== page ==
Negotiators from Tufts Medical Center (pictured) and the Massachusetts Nurses Association were negotiating Tuesday. Jessica Rinaldi/Globe Staff/Globe Staff

More than 1,200 nurses at Tufts Medical Center are set to go on strike Wednesday morning after a last-ditch effort to reach a contract deal with hospital officials failed.

Both sides spent hours negotiating Tuesday but couldn’t reach a compromise. The Massachusetts Nurses Association said its members would go on strike at 7 a.m. Wednesday. It will be the first strike at a Boston hospital in more than 30 years.

The union is planning a one-day walkout, but the hospital plans to keep striking nurses out for four additional days while using replacement workers.

“We came to the table today hoping to reach an agreement, but Tufts management is determined to force a strike and a subsequent lockout of our nurses,” Mary Havlicek Cornacchia, a nurse and cochairwoman of the union’s bargaining team, said in a statement Tuesday night at about 8:30. “This decision really shows administration’s lack of respect for its nurses and for the safety our patients.”

Tufts Medical Center spokeswoman Brooke Hynes said the hospital was extremely disappointed in the union’s decision to walk out.


“The union had a choice to support patient care and they chose to strike,” she said. “They came to the table today with a recycled plan that is costly to the medical center and risky to our nurses.”

Representatives from the hospital and the nurses union have held more than 30 meetings since April 2016 to negotiate a new contract. They met again Tuesday at a federal mediator’s office in downtown Boston.

In a previous labor dispute, in 2011, Tufts officials and the nurses union reached a deal just hours before a strike was scheduled to begin.

On Tuesday, the two sides remained at odds about one key issue: retirement benefits. The hospital wants nurses who still have pensions to move into defined-contribution plans, similar to 401(k)s, which would be less expensive for the hospital to maintain. But the union has fought to keep pensions.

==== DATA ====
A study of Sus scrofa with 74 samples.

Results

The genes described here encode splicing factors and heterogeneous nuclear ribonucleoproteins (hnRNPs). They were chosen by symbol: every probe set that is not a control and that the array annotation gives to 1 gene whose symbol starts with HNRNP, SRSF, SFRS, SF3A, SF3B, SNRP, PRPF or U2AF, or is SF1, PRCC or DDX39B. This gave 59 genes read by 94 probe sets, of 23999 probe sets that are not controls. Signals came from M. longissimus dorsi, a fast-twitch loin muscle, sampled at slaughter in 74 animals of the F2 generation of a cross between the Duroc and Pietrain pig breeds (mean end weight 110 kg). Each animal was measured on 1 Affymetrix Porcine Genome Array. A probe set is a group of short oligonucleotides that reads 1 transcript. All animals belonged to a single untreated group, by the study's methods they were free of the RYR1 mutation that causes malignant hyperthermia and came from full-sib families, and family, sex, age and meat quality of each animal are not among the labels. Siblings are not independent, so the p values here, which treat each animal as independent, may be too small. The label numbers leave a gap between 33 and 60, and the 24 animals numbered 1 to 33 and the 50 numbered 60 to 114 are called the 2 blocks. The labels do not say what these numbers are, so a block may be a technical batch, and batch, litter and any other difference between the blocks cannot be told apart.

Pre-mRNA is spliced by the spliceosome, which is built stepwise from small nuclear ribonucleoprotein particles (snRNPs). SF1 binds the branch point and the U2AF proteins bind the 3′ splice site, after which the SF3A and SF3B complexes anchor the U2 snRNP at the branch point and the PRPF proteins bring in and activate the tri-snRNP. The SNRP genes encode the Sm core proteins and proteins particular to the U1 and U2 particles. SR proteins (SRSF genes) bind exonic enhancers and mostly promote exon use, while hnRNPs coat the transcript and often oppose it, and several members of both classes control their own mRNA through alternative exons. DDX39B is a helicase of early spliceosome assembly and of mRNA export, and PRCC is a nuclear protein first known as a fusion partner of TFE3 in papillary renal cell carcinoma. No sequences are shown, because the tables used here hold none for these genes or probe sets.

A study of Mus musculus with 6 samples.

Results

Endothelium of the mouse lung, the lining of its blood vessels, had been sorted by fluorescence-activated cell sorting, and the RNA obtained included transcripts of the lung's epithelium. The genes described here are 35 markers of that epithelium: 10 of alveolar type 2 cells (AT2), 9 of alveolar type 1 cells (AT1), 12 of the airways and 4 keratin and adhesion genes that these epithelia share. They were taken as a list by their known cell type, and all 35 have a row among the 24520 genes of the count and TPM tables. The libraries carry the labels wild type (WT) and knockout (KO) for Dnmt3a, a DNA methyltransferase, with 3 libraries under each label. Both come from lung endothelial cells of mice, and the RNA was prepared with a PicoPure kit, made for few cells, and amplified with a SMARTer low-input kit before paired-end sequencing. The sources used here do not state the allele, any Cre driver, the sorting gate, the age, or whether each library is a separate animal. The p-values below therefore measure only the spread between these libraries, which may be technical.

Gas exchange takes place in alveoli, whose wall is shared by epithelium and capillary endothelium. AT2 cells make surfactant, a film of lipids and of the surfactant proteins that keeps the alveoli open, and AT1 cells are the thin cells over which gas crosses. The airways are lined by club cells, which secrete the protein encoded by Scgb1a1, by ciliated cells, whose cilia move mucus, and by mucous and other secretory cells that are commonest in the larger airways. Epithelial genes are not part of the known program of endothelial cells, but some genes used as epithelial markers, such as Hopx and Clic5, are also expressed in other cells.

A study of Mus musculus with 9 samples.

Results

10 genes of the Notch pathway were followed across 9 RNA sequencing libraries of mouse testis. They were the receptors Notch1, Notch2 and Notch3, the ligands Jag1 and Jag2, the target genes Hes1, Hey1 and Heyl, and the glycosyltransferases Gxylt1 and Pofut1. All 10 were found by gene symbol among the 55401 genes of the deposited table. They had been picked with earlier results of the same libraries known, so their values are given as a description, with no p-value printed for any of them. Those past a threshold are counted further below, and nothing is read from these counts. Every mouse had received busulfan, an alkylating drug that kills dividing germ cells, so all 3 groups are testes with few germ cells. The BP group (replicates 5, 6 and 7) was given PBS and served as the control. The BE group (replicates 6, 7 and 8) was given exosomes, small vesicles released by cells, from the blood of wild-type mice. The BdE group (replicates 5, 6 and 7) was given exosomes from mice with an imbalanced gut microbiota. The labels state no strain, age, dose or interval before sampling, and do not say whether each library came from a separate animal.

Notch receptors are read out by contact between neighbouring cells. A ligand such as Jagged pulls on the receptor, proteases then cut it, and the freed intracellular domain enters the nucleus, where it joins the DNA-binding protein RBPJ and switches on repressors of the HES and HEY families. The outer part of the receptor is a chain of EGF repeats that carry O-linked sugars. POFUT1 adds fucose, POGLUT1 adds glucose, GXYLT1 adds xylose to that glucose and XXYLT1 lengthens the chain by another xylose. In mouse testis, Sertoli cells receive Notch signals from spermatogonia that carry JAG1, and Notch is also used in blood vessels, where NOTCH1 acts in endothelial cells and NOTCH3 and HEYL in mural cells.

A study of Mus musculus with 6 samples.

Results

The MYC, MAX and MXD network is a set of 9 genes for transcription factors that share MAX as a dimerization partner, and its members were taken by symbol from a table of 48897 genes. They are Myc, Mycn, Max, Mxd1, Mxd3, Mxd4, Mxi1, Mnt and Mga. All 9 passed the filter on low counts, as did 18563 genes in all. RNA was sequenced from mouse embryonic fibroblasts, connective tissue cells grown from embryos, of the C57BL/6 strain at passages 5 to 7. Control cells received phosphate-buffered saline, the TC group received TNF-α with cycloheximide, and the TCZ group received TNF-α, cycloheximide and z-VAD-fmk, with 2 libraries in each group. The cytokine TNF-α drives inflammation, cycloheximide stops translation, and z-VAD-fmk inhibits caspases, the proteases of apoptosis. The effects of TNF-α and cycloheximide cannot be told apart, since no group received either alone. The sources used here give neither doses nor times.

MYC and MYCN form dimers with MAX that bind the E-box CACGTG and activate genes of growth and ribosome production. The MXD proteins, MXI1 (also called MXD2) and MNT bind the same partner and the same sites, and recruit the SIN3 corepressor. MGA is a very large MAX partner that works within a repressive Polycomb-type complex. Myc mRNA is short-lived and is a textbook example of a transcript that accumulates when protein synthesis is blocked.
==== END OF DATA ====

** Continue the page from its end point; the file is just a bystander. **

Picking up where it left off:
The union on Tuesday asked the hospital to consider a proposal that would allow Tufts to keep pensions and save money, union spokeswoman Jennifer Johnson said.

To prepare for a strike, Tufts is spending at least $6 million to hire about 320 replacement nurses. Hospital officials say they will operate as usual. They have not canceled appointments or transferred patients.

About 300 patients were at Tufts on Tuesday. The teaching hospital treats adults and children with serious and complex conditions, including cancer, heart disease, trauma, and more.

“We’re ready to provide the very best care . . . like we do every day,” Dr. Michael Wagner, the hospital’s chief executive, said earlier this week.

Nurses planned to picket outside the hospital, located at 800 Washington St., in Boston’s Chinatown neighborhood, beginning early Wednesday morning. Hospital officials were expecting a crowd of hundreds and said they ramped up security to work during the walkout. About 100 public safety officers, including police and private security, were scheduled to be on site.

“We will have adequate resources in place,” said Officer Stephen McNulty, a spokesman for Boston Police.

Tufts officials said all appointments and surgeries will continue as scheduled, unless they tell patients otherwise. They asked patients to allow extra time to get to their appointments as some hospital entrances will be closed.

The union, meanwhile, said nurses would begin demonstrating outside the hospital at 7 a.m. and continue for 24 hours. Rallies are planned during the day.


Union officials said they will try to reenter the hospital on Thursday morning. If the hospital keeps union nurses out — as promised — the union plans to continue picketing.

Hospital officials say they will use temp nurses for five days.

Striking nurses would be allowed back at work on Monday.

The two sides have long disagreed on nurses’ retirement benefits.

The union opposes Tufts’ plan to move 341 nurses from pension plans to defined-contribution retirement plans.

The hospital says those nurses would maintain their benefits, but the union says the change would require nurses to pay more of their own money toward retirement.

Union officials want the hospital to join a multi-employer pension plan that they say would save the hospital money.

But Tufts executives say that kind of plan would be too risky, because it would require them to carry the pension risk of other employers.

Tufts and its nurses also disagree on wages and staffing levels.

Their dispute is similar to one that has played out at other hospitals, including at Brigham and Women’s Hospital last year.

The union and Brigham, a large teaching hospital owned by Partners HealthCare, reached a contract agreement just a day before a planned strike of 3,300 nurses.

A deal was ultimately reached with the help of Mayor Martin J. Walsh, who said at the time that he was asked to get involved to help settle the conflict.


In the Tufts dispute, Walsh has been in touch with hospital and union officials, but he has not been involved in the talks.

Priyanka Dayal McCluskey can be reached at Follow her on Twitter @priyanka_dayal.